Videos & Podcasts
In this two-part episode, host Jeff McMahon explores a pair of University of Chicago studies on consumer energy behavior. First, McMahon sits down with EPIC’s Koichiro Ito, an assistant professor at Harris Public Policy, for insight on what motivates consumers to conserve energy. Does simple encouragement work? Or do prices need to rise for them to act? Then, McMahon is joined by Bob Rosner, founding co-director of EPIC and a distinguished UChicago physicist and former director of Argonne National Laboratory, and Kathleen Cagney, a sociology professor and director of the Population Research Center at the National Opinion Research Center (NORC) at UChicago. The pair discuss the results of their survey examining attitudes toward smart meters and smart grids in low-income neighborhoods in Chicago.
Cynthia Giles talks about her work at the Energy & Environment Lab using social science to make environmental regulations more effective. She is forming partnerships with state regulators to design and test innovative approaches to environmental policy with the goal of figuring out what new ideas work best.
Over the past 15 years, Jennifer Granholm has played an outsized role in U.S. energy policy and politics. From 2003 to 2011, she served as Governor of Michigan, a period during which she navigated her state through the worst U.S. economic crisis since the great depression, and one that she saw as an opportunity to diversify Michigan’s industrial base through energy policy. As a member of President Barack Obama’s transition team in 2009, she helped build the team that would ultimately design and implement many of the president’s key energy and environmental policies. In 2016, she was tapped by the Clinton campaign to replay this role in a prospective Clinton Administration. EPIC Executive Director Sam Ori recently got the chance to sit down with Governor Granholm. They talked about the state of the U.S. auto industry, the Trump administration’s environmental policies, the role of energy and climate issues in the 2016 presidential election, and the future of U.S. energy policy.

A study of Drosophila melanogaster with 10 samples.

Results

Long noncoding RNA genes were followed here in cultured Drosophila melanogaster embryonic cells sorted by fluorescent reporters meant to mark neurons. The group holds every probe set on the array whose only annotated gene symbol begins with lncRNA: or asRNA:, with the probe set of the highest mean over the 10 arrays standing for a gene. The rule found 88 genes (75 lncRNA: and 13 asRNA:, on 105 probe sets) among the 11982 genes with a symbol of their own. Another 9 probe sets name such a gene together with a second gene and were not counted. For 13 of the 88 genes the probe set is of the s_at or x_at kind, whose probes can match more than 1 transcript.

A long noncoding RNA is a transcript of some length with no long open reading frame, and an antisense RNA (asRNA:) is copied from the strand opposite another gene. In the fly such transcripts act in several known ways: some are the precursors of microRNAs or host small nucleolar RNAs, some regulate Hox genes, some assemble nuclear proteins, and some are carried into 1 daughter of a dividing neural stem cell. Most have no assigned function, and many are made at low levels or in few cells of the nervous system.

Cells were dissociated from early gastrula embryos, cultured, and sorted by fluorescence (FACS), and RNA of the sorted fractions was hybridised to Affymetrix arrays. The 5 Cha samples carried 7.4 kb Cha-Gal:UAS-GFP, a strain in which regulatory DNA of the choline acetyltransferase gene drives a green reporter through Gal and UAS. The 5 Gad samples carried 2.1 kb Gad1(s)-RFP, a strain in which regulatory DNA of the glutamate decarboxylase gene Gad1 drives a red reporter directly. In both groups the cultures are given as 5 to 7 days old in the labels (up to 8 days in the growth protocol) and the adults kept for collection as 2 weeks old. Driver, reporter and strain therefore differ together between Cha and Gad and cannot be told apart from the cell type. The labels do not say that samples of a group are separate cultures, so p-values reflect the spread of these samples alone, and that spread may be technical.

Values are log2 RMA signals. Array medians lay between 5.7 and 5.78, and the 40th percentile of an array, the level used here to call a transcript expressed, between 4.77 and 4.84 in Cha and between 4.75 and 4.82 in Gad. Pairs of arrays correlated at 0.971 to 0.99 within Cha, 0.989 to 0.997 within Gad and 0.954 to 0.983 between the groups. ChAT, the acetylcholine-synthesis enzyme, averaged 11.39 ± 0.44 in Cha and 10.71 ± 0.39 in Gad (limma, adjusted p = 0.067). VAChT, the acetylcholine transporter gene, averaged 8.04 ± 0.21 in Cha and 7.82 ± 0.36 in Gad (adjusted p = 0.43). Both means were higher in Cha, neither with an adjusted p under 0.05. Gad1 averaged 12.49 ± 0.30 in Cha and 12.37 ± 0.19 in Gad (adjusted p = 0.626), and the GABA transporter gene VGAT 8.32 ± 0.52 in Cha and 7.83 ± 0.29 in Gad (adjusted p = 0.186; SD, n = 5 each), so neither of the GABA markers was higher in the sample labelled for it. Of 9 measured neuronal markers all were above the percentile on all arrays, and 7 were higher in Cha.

EPA Administrator Scott Pruitt has touted a “back-to-basics” agenda for the agency – giving states more control over their air quality compliance, and prioritizing cleanup of toxic Superfund sites, lead-tainted drinking water systems and abandoned mines. He’s done this while attempting to roll back efforts from the previous administration such as fuel economy standards, the Clean Power Plan, and the Waters of the U.S rule. However, in doing so, he faces two problems: regulations take time to reverse, and even if he is successful in reversing them he will likely continue to encounter legal challenges. How easy is it to undo a regulation? Has EPA proceeded effectively? Where does litigation on these rules stand, and what are the likely outcomes in the courts? Off the Charts host Jeff McMahon discussed these questions and more with EPIC's visiting policy fellow Jeff Holmstead, a former EPA Assistant Administrator for Air and Radiation and now a partner at Bracewell, LLP.